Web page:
February 12, 2019

In light of the recent public discussion around legislative initiatives regarding the difficult and contentious issue of Abortion, the IRF, reaffirms the following basic values and perspectives:

1. We live in a politically diverse and pluralistic society in which different, sincerely held views of many religious and secular communities in America are often in conflict with one another. We recognize that political compromises do not always yield legislation that is in agreement with everyone’s deeply held positions.

2. We vigorously oppose the endorsement of legislative measures which would impede those who want to follow Halakha and their conscience to be able to do so freely and without sanction. We applaud measures that ensure freedom of conscience and religion for all. At the same time, we encourage civil society to help provide, in a non coercive fashion, social and financial support for families who want to bring their children to term but feel economic duress to end their pregnancies.

3. Halakha does not believe in a basic right to abortion, as some in the progressive community advocate, nor does it advocate for a hard “right to life” view for which some conservative thinkers argue. Halacha forbids the killing of a fetus for no reason, and we are even commanded to desecrate Shabbat in order to save its life. However, as long as the fetus is in its mother’s womb, it does not have the legal status of a human being. Though the Christian moral tradition may believe that human life begins at conception, there is no question that this is not the position of halakha. Poskim have a range of nuanced positions on situations in which halakhically permitted abortions may be undertaken for the health and well being of the mother and/or in situations where it clear the baby that will be born would live an extremely painful and truncated life.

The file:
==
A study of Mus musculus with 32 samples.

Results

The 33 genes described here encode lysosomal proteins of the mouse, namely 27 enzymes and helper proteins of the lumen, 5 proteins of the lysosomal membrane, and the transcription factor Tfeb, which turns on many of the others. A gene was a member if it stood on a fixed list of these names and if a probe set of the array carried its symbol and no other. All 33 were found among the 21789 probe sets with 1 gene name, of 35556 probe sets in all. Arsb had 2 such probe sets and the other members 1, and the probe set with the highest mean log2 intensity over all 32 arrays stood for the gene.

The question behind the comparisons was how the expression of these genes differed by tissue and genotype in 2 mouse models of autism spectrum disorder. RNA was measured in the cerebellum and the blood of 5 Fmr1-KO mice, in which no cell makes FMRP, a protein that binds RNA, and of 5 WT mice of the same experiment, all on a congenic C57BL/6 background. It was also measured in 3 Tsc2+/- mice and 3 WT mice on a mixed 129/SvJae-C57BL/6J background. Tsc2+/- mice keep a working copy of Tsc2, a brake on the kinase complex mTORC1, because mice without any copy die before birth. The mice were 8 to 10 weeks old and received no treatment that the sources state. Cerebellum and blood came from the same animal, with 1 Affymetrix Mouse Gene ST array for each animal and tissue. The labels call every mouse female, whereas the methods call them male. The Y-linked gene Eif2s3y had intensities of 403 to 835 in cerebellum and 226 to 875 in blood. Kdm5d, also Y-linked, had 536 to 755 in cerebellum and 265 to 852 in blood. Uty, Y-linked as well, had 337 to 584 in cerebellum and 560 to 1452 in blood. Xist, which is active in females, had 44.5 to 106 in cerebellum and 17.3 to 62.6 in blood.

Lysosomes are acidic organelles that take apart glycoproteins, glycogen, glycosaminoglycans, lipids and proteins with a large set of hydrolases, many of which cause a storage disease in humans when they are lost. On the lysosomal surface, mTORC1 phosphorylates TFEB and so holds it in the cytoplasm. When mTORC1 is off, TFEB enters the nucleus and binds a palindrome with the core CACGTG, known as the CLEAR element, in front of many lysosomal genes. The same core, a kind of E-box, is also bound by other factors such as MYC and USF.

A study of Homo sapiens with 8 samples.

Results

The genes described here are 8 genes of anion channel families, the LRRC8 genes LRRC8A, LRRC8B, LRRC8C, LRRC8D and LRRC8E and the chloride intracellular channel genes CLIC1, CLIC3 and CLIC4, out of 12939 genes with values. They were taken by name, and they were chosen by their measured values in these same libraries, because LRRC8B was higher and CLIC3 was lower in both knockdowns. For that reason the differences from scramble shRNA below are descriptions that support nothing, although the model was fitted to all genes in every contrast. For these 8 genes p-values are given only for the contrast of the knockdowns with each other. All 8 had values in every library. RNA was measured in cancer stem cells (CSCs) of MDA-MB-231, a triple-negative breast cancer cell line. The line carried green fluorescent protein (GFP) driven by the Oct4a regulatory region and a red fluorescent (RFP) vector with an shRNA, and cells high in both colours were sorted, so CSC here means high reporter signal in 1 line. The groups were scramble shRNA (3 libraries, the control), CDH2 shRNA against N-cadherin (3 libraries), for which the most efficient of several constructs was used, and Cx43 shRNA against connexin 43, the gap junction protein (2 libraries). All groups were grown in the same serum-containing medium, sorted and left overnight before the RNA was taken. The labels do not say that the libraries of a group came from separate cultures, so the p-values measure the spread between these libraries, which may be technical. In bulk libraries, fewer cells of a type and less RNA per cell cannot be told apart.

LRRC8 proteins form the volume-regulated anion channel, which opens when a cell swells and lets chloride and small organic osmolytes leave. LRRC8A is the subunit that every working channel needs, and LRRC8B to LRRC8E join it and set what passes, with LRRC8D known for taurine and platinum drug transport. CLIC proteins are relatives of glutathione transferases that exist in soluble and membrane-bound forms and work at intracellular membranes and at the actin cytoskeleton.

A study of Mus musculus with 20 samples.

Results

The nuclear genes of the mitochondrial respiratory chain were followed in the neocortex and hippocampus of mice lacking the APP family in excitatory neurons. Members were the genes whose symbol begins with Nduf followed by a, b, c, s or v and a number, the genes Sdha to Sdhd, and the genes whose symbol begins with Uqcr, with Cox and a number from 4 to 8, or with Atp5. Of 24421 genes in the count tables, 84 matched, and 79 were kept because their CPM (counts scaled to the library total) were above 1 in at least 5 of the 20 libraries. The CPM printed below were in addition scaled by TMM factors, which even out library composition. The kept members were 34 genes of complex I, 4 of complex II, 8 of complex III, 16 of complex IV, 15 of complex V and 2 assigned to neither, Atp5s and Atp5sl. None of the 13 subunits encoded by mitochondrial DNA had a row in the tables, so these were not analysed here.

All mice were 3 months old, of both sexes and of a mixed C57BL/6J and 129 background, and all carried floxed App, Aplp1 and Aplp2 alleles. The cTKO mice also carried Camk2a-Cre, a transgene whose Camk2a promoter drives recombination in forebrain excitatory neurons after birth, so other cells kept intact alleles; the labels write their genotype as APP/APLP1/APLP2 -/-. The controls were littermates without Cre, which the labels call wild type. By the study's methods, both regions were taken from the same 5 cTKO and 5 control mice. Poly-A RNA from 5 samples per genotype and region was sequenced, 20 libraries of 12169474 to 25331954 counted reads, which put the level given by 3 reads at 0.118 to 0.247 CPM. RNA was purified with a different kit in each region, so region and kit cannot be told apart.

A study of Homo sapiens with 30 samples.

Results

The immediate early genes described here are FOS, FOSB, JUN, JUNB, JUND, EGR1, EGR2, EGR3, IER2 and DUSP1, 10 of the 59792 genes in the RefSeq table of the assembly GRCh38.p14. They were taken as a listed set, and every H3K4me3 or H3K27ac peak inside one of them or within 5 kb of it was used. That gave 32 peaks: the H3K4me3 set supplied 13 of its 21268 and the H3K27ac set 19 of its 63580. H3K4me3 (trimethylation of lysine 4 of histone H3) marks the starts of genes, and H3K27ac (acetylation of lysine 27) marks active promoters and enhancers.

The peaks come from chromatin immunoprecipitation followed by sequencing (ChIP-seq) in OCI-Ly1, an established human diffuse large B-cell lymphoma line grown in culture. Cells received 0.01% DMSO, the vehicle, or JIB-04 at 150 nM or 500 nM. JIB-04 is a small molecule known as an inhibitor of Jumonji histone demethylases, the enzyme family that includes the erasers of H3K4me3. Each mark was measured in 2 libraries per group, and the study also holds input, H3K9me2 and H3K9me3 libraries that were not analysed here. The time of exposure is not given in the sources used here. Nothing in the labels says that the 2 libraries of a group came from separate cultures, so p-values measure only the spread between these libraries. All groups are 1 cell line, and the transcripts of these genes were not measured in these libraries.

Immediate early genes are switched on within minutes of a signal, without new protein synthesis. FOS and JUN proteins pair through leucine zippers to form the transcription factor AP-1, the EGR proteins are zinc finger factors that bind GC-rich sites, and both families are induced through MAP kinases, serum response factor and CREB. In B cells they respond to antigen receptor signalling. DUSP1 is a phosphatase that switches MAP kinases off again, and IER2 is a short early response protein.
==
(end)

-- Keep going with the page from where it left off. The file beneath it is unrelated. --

4. We recognize the terrible pain that is caused to mothers and parents when they learn that a pregnancy must be terminated, and we pray that no person will ever need to know such sorrow.

5. We encourage all those in our community confronting these painful and difficult choices to seek out the best medical advice in tandem with expert halakhic guidance. We are confident that these professionals will express their advice with the utmost sensitivity, integrity and compassion.

6. The IRF is committed to publishing an on line symposium in the future containing articles from rabbinic scholars, communal leaders, mental health professionals, and lay people sharing personal experiences, on this difficult and challenging topic.